Wrongful Death Claims Over Recalled GM Vehicles Likely To Continue to Rise
The number of confirmed wrongful death claims associated with accidents that may have been caused by recalled ignition switches used in General Motors (GM) vehicles has risen to 29, but officials indicate that the number is expected to continue to rise as the manufacturer processes claims over the next year.
Attorney Kenneth Feinberg, who was hired by the auto maker to administer a General Motor’s settlement fund established for injuries and deaths that have occurred in recalled Chevy, Pontiac and Saturn vehicles, indicates that there may be a spike in accident claims later this year, due to an approaching deadline for the program
The claims stem from problems with faulty ignition switches that may prevent the vehicle airbags from deploying, as the car may be suddenly shut off if heavy keychains are used or if the ignition is jarred, such as may occur in an accident.
According to a report by Bloomberg News, Feinberg is reviewing about 150 more wrongful death claims involving recalled GM vehicles, with the official tally only being updated based on cases that have been approved for payments.
Feinberg has previously announced that GM settlements will start at $1 million for families of individuals who died in an accident linked to defective ignition switches. In addition, the company has agreed to pay estimated lifetime earnings and $300,000 to a spouse and each dependent.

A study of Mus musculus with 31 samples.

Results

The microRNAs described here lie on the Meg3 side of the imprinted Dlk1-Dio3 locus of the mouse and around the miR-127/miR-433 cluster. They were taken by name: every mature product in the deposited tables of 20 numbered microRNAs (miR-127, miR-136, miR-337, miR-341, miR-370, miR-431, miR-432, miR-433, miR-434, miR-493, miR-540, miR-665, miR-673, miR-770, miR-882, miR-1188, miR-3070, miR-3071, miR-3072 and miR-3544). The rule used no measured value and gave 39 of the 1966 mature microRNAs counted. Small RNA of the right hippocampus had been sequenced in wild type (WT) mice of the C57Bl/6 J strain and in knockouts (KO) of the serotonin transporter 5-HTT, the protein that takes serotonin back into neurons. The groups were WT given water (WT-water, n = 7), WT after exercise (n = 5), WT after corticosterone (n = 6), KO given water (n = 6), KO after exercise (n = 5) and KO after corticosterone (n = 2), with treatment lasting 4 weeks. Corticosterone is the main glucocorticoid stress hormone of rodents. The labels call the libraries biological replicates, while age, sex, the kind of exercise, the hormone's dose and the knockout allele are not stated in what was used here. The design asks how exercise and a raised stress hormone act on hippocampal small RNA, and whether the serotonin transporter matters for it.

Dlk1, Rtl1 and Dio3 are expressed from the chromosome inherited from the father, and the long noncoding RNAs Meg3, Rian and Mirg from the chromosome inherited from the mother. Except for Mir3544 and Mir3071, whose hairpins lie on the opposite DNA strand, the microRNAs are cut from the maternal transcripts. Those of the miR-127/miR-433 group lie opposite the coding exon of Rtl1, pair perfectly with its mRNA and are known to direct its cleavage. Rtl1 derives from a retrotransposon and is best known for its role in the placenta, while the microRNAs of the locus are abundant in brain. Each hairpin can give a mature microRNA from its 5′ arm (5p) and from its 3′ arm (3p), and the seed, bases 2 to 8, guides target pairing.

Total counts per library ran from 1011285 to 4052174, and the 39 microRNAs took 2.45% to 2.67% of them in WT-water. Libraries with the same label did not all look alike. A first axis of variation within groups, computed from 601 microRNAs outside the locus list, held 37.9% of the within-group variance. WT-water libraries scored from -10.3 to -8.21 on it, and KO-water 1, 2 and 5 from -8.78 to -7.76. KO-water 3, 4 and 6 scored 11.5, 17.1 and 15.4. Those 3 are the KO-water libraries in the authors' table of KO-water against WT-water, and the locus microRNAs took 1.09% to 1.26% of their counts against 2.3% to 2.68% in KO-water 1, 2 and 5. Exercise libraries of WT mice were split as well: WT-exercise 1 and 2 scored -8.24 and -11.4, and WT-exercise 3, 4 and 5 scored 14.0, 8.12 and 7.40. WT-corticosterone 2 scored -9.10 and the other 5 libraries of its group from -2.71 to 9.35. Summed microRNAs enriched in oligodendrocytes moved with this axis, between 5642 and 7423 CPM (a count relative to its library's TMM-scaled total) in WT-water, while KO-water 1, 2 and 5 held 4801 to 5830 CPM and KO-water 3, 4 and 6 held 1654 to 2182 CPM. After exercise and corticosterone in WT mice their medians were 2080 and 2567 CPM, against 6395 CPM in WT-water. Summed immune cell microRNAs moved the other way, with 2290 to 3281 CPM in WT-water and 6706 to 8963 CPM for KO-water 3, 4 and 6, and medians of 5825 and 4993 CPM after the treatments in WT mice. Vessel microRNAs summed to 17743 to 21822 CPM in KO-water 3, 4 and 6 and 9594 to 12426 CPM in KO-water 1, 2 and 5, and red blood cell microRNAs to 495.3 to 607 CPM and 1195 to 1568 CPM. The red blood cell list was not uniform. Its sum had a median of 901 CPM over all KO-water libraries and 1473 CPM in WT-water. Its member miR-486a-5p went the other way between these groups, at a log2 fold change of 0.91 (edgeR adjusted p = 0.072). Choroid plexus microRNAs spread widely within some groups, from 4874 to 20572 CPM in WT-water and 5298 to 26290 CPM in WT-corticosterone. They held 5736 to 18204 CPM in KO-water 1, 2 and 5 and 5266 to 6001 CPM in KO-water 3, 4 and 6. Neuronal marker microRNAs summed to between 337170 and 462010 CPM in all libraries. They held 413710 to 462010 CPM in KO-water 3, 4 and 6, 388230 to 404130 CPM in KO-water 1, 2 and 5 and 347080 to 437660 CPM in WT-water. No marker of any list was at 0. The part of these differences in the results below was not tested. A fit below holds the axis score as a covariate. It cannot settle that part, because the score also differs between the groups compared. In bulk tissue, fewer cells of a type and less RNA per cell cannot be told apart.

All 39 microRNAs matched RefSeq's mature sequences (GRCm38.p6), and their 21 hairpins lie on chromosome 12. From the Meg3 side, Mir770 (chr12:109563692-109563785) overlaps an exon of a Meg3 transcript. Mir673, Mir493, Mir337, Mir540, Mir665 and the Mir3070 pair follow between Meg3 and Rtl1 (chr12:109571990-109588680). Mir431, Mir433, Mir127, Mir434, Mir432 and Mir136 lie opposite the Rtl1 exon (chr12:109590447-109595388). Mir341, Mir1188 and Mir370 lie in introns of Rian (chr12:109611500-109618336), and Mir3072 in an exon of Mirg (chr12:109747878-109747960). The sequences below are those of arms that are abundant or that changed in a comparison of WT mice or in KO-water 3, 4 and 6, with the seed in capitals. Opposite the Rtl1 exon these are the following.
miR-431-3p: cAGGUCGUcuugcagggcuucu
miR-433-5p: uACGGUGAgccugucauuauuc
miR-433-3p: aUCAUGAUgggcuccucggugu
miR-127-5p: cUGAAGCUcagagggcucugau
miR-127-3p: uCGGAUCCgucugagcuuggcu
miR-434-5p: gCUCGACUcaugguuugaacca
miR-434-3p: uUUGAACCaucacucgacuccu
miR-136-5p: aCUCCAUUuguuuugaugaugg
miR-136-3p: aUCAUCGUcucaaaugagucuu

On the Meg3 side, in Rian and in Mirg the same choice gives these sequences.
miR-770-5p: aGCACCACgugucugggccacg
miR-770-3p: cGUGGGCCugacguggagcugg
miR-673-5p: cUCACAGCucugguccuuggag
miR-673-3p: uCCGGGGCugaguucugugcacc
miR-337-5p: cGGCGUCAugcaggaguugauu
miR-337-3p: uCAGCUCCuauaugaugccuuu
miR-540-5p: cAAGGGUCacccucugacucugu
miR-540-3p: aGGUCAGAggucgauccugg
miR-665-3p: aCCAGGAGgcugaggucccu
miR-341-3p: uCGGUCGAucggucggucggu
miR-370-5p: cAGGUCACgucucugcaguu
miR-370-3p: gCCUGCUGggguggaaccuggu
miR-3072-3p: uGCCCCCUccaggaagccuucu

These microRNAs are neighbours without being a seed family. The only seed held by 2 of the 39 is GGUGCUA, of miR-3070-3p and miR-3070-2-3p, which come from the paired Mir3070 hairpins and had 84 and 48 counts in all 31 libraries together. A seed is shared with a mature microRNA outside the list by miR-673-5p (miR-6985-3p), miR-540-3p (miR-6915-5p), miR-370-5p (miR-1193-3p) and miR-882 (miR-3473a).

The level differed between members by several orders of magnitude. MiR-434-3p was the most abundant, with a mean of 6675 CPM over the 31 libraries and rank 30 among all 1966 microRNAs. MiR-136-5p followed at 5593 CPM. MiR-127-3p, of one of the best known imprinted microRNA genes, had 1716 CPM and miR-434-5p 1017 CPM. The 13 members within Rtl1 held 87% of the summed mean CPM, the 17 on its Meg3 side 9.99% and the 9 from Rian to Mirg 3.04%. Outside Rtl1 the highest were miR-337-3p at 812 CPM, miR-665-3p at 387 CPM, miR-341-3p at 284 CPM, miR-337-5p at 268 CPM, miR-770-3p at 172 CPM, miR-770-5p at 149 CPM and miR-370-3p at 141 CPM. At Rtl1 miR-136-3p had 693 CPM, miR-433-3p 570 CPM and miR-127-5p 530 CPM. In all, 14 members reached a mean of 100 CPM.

The GM ignition switch victim compensation fund was launched in August and is aimed at settling claims linked to about 2.6 million vehicles recalled worldwide in February due to defective ignition switches. While GM has reserved $600 million to pay accident and wrongful death claims, many suggest that this amount will not be nearly enough.
GM Recall Lawsuits
In addition to claims pursued through the settlement fund, a growing number of GM recall lawsuits are being filed nationwide through the court system, alleging that the auto maker knew about problems with their vehicles, yet failed to take action to correct the problems or recall the vehicles.
Some estimates suggest that more than $10 billion in damages are currently being pursued against General Motors over defective ignition switches.
Cases filed throughout the federal court system have been consolidated and centralized in U.S. District Court for the Southern District of New York, which are being overseen by District Judge Jesse Furman. All claims allege that GM knew about the ignition switch problem but failed to warn consumers and investors, and that the company put out defectively designed vehicles.
In an October 7 court order (PDF), Judge Furman has indicated that he plans to hold a series of bellwether trials over the GM recall, which will serve as test cases to help the parties gauge how juries may respond to certain evidence and testimony that could be repeated throughout the cases.
Plaintiff and defense attorneys have been given until October 31 to submit a proposed bellwether order, which lays out how they think those test cases should be handled and when. That order will likely be discussed at an upcoming status conference before Judge Furman on November 6.
At the time the litigation was centralized, fifteen actions pending in six different districts were consolidated to reduce duplicative discovery into common issues in the cases, avoid conflicting rulings from different judges on the same issues and to serve the convenience of witnesses, parties and the courts.
According to an update (PDF) provided by the U.S. JPML on October 15, there are currently at least 119 total cases included in the MDL. In addition, as GM lawyers continue to review and file cases, it is ultimately expected that several thousand lawsuits may eventually be centralized before Judge Furman.